Thursday, April 28, 2011

Uncomfortably Numb

I had read a blog post by my friend Sarah, also known as  The Carcinista, that she had decided to forgo treatment and choose quality of life over quantity.  She has been battling stage 3c ovarian cancer on and off since 2006.  The cancer metastasized to her lungs.  She decided that she didn't want to do more taxol, which makes you lose your hair.  She wants to leave this world with her hair.  Can't say I blame her on that one.  I hated being bald.

So I thought it would be interesting to have her on my podcast.  Not really knowing if she would want to share her story with me.  Its one thing to write about it in the comfort of your own home, its another talking about it.  Sounds kind of weird I know, but since I have been on both sides of the microphone I understand how weird it is to talk about yourself.  Luckily Sarah said yes.

As I listened to her story it reminded me how she was a part of the Inner Tough Girls 12 weeks of transformation, as was I.   I was going through a rough time emotionally during those 12 weeks and I have to say I wasn't the easiest person to deal with  (sorry Angella)  but was grateful for meeting the women in the group. 

Being a cancer survivor/advocate you get caught up in forums, discussions, advocacy, your own survivorship etc.  As some one who has a good prognosis for survival I try not to think about my own mortality.  I did that during treatment.  As survivors we always have that word recurrance on our minds.  In my case it has been shut in the back of my mind.  Not something I think about.

So was surprised about The Carcinista's post.  I know she has been battling ovarian cancer on and off for a while but whenever I read about friends who make the decision to stop treatment it is always shocking to see. 

You always think: WHAT?  Keep fighting!! Don't give up!!

But its not about that is it? 

When you have done all you can, exhausted every option, every treatment, every clinical trial.  EVERYTHING.

When you know that you have fought all you could and now its about quantity vs quality of life. 

 Would you rather spend what you know to be your last remaining days on chemo being bald, feeling like shit, possibly not wanting to be around your family because you have that chemo haze surrounding you?

Or would you want to spend every last waking moment with them, knowing that every day is one day closer to not being with them anymore.

Its a hard decision to make for anyone.  Especially someone with two young children.

As I listened to Sarah tell her story I heard the labored breathing.  I knew it would get harder for her to speak to her husband, to her kids. 

It was hard to listen to, not because her story wasn't interesting, but because as survivors when something like this happens to a friend you can picture it happening to you.  It is one of those surreal circumstances that happens when you are a survivor. 

After I left the studio I called Angella and told her about Sarah's podcast.  Angella had not been online in a while she did not read Sarah's post. 

So I had the dubious honor of telling her about Sarah's choice, while hard, sadly I know she had made the right decision.

After listening to the podcast and informing Angella about Sarah's decision I went home.  Not even knowing what I was feeling.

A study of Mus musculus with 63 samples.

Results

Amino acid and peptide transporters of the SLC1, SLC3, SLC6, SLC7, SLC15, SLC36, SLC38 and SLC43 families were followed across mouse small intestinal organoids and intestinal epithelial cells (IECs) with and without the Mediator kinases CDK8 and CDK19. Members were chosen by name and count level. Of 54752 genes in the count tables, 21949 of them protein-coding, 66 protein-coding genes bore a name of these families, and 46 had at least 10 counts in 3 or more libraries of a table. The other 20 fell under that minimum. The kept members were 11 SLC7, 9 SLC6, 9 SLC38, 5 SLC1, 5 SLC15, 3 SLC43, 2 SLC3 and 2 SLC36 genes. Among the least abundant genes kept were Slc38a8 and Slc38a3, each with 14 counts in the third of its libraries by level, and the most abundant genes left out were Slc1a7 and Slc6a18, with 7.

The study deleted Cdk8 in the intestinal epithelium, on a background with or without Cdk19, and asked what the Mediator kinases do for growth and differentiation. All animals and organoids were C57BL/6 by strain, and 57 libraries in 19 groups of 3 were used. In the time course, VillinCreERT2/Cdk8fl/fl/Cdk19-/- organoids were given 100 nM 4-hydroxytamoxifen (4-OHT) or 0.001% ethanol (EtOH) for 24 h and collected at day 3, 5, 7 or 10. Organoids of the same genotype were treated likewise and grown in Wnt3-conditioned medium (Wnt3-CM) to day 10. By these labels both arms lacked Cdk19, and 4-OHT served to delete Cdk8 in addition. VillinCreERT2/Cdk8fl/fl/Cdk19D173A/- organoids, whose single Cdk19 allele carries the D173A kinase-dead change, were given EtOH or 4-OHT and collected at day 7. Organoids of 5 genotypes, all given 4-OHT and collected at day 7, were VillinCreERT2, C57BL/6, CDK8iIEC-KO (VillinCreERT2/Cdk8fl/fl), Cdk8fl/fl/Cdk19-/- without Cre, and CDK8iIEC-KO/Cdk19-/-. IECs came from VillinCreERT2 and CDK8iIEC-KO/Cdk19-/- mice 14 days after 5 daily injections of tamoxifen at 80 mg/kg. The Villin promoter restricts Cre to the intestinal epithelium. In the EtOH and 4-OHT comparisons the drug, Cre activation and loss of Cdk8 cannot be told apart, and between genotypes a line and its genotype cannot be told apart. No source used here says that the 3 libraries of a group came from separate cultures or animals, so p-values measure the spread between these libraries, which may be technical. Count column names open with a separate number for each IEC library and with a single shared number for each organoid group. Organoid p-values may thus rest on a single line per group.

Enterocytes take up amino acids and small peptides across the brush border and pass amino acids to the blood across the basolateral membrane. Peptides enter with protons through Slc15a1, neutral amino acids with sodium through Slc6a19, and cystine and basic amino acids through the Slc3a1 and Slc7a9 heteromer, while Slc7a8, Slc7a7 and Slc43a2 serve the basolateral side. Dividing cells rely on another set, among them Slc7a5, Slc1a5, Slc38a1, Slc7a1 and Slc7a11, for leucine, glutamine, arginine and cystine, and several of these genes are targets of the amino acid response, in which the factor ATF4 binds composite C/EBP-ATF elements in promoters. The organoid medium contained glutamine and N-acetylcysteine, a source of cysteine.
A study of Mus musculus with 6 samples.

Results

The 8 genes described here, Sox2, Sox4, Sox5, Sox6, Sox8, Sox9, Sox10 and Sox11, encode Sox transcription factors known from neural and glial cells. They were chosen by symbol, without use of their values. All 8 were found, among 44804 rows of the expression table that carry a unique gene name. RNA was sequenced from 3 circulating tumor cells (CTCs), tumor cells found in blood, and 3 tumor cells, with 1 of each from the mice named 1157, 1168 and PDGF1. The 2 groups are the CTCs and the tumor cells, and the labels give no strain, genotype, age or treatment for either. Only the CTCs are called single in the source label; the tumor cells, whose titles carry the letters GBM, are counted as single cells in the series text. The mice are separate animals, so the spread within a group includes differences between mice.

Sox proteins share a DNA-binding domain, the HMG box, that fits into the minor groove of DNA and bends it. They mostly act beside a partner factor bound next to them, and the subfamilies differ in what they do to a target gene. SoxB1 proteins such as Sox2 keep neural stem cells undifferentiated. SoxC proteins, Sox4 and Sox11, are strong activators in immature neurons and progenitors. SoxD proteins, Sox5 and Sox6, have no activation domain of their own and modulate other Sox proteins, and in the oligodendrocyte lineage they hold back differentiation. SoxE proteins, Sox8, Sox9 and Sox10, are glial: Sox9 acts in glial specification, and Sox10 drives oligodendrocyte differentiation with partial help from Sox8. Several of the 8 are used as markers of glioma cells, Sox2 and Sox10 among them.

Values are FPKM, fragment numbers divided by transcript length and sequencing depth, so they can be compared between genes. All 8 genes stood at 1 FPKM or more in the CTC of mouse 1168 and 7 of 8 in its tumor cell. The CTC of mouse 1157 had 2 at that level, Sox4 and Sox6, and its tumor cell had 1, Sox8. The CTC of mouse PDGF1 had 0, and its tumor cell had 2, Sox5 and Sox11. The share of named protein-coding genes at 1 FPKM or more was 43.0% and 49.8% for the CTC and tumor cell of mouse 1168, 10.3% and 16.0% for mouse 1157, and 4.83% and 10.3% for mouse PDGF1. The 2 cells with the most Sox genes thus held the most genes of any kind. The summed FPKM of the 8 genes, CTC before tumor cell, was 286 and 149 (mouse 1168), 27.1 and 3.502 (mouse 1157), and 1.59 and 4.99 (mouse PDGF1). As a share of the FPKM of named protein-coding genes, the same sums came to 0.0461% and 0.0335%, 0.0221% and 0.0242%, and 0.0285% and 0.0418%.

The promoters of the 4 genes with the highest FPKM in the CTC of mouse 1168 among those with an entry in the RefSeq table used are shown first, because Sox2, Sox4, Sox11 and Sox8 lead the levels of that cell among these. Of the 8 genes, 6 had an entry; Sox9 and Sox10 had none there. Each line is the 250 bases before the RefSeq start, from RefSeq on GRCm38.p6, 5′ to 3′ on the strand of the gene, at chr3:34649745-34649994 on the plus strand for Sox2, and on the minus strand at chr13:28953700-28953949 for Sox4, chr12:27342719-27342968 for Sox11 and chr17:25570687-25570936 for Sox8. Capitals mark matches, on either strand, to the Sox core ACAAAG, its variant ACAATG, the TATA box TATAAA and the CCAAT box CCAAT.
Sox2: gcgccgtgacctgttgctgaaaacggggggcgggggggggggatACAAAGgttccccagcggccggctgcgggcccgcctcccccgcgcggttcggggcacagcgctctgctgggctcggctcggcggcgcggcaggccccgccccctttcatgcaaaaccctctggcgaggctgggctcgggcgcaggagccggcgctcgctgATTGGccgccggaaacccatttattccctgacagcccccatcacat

How can I be happy for someone who is going to die? 

And why the fuck did I have to be the bearer of bad news?

Now I know in the end, as my good friend Don Wilhelm would have said. "It is what it is"


But it still sucks.

Mel is the producer/co~host of The Vic McCarty Show. Listen Live Monday~Friday 10am-noon eastern time on

Check out my podcast The Cancer Warrior on Available on demand and also available on Itunes.

Sunday, April 24, 2011

OMG Summit 2011 Cancertastic wrap up

Last weekend I was I was able to go to a cancer summit for young adult survivors. To be a young adult survivor you would have been diagnosed when you were age 15-40.  The event was put on by my good friend Matt Zachary, founder of the I'm Too Young For This Foundation.  I really didn't know what to expect.  I haven't been to any events that focuses on young adult survivors and the specific issues that we deal with.

I have to say this:

It was a life changing experience.

Now I have been to many cancer events before, I have been invited to speak and participate at many. 

But nothing had an impact on me like this.

Being in a room of over 350 young adult survivors was amazing.  It didn't matter what type of cancer they had, how old they were.  We all feel the same. 

It was nice for one weekend to not have to try to dance around the cancer subject or try to explain to someone why I feel the way I feel.

I also met many of my online friends in real life.  Many of the people who I have had on my podcast.  It was awesome to meet in person Jonny Imerman, Tamika Felder, Patti Murillo-Casa and many friends who I had only spoken to via computer or text or phone.

Knowing all of these people put me totally at ease, and being in a room of 350 plus strangers could be daunting for anyone, but it wasn't.  I think even if I had only met Matt I still would have been comfortable this element.

One of the great things was that almost all of the people speaking at the summit have the same mindset as I do:

You need to empower yourself as a patient.

You need to be your own advocate.

No matter how you feel, you are not alone.

I knew all of that was true.  I just didn't realize how many others felt the same way.

If you are a young adult survivor this is the event to go to.

Prepare yourself now Vegas, because OMG summit 2012 will descend upon you.

Vegas will never be the same.

And for that I am grateful.

Mel is the producer/co~host of The Vic McCarty Show. Listen Live Monday~Friday 10am-noon eastern time on

Check out my podcast The Cancer Warrior on Available on demand and also available on Itunes.